When it comes to doing good in the world charities aren’t the only show in town. Social movements such as gender equality and black lives matter, and ethical & socially responsible businesses such as Patagonia and Warby Parker demonstrate that positive impact can be achieved without being a nonprofit organisation. So, where does this leaves charities? If social impact can be achieved by organisations that are financially self-sustaining and without the need for an organisation at all, then it leaves charities stuck in the ‘squeezed middle’ between the two, justifying their place in the for-good landscape.
In pushing out of that middle, charities need to be able to demonstrate their impact, to be accountable to funders for how they spend money, to the public (and perhaps the press although not justifiably so) to ward off questions about the need for their existence, and also for themselves to know that they are doing a good job and making a difference. It’s this accountability that makes charities different to social movements and for-profit businesses. Not just accountability for spending money, but accountable for achieving impact. But impact is a difficult thing to define and even more difficult to measure, especially across the wide range of different charities that make up the charity sector.
There is an argument for charities to measure impact against their mission. This approach suggests each charity be clear about it’s mission and measure it’s impact accordingly without the need for defining measures that work consistently for all charities or adhering to externally applied regulations. If a charity’s mission is, for example, to prevent a particular species from extinction then it’s impact in achieving that mission can be considered simply by asking if that species is nearer or farther away from extinction following the charities work. A simple, single measure that applies whatever the charity. But simple, single measures only ever provide a small part of the picture. To go down the route of measuring impact narrowly against each charity’s mission is to fall into the trap of businesses measuring their performance by their bottom line. It provides a limited understanding, which risks being used to make the wrong decisions.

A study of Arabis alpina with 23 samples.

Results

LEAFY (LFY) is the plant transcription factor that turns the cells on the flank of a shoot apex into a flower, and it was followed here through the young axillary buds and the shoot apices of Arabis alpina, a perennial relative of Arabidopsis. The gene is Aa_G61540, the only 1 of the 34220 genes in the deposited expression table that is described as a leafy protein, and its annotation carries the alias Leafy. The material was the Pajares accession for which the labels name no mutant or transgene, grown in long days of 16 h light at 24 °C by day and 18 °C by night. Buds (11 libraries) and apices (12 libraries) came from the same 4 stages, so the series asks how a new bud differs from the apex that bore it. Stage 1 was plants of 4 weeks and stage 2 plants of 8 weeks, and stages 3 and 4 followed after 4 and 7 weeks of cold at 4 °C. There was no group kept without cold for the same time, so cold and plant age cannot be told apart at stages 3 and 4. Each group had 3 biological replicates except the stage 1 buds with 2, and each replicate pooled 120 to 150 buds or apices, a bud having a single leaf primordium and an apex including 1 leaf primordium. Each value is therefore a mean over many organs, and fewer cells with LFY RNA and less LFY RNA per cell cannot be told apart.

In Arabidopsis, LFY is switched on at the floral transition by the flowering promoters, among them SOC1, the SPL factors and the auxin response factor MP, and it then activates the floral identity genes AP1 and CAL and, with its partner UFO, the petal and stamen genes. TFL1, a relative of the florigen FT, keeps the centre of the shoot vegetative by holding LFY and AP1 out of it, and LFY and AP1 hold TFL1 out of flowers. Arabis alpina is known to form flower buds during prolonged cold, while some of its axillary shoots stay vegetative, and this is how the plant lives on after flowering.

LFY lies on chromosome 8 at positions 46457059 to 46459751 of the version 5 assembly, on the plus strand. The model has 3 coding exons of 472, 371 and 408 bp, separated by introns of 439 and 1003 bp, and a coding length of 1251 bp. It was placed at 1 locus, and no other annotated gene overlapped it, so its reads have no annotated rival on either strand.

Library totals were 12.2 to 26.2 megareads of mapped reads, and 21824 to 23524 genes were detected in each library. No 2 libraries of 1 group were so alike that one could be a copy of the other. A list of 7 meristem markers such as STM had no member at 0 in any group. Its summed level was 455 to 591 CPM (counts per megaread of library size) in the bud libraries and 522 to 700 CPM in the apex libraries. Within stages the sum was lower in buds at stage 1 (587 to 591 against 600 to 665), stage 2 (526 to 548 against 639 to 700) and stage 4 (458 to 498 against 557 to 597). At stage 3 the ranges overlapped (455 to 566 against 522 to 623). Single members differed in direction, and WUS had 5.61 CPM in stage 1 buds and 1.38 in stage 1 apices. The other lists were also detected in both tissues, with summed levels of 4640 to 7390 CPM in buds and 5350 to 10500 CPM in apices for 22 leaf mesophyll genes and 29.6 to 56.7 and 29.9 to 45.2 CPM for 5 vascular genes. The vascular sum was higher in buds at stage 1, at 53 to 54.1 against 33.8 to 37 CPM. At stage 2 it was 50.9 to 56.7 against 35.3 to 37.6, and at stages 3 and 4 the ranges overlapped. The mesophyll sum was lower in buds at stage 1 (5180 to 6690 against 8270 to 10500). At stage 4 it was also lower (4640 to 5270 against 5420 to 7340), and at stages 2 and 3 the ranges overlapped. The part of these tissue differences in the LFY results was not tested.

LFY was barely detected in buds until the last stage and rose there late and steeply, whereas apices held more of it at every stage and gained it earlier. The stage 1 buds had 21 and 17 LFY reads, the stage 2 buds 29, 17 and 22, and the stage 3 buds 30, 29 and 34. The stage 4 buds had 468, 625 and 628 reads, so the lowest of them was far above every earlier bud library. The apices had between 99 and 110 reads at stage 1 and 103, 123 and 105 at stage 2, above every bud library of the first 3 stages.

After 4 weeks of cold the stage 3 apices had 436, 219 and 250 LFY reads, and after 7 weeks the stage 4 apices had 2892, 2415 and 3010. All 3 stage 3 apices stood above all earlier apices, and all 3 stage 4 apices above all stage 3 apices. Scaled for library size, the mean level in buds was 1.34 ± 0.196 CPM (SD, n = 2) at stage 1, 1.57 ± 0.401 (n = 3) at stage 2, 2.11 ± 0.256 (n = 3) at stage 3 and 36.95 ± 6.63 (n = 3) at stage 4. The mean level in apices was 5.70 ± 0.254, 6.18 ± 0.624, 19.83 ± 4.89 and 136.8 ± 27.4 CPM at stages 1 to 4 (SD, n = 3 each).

But there is another approach to consider. Rather than focus on the measurement of mission, charities could seek to demonstrate the wider benefit they bring to society. They could demonstrate the positive sentiment they create, the good vibes people get from supporting charities. And the benefits volunteering brings to people, not to mention the state in reducing social care needs and the commercial sector in giving people work experience. And sense of pride and achievement felt but those who work in and for charities to make a difference. And the security that people in need get from knowing that charities are there to help, even if they don’t need them right now. Charities do so much more good in the world than just in achieving their missions. This is their impact, and we should celebrate the widest possible definition of the impact charities have on the world we live in.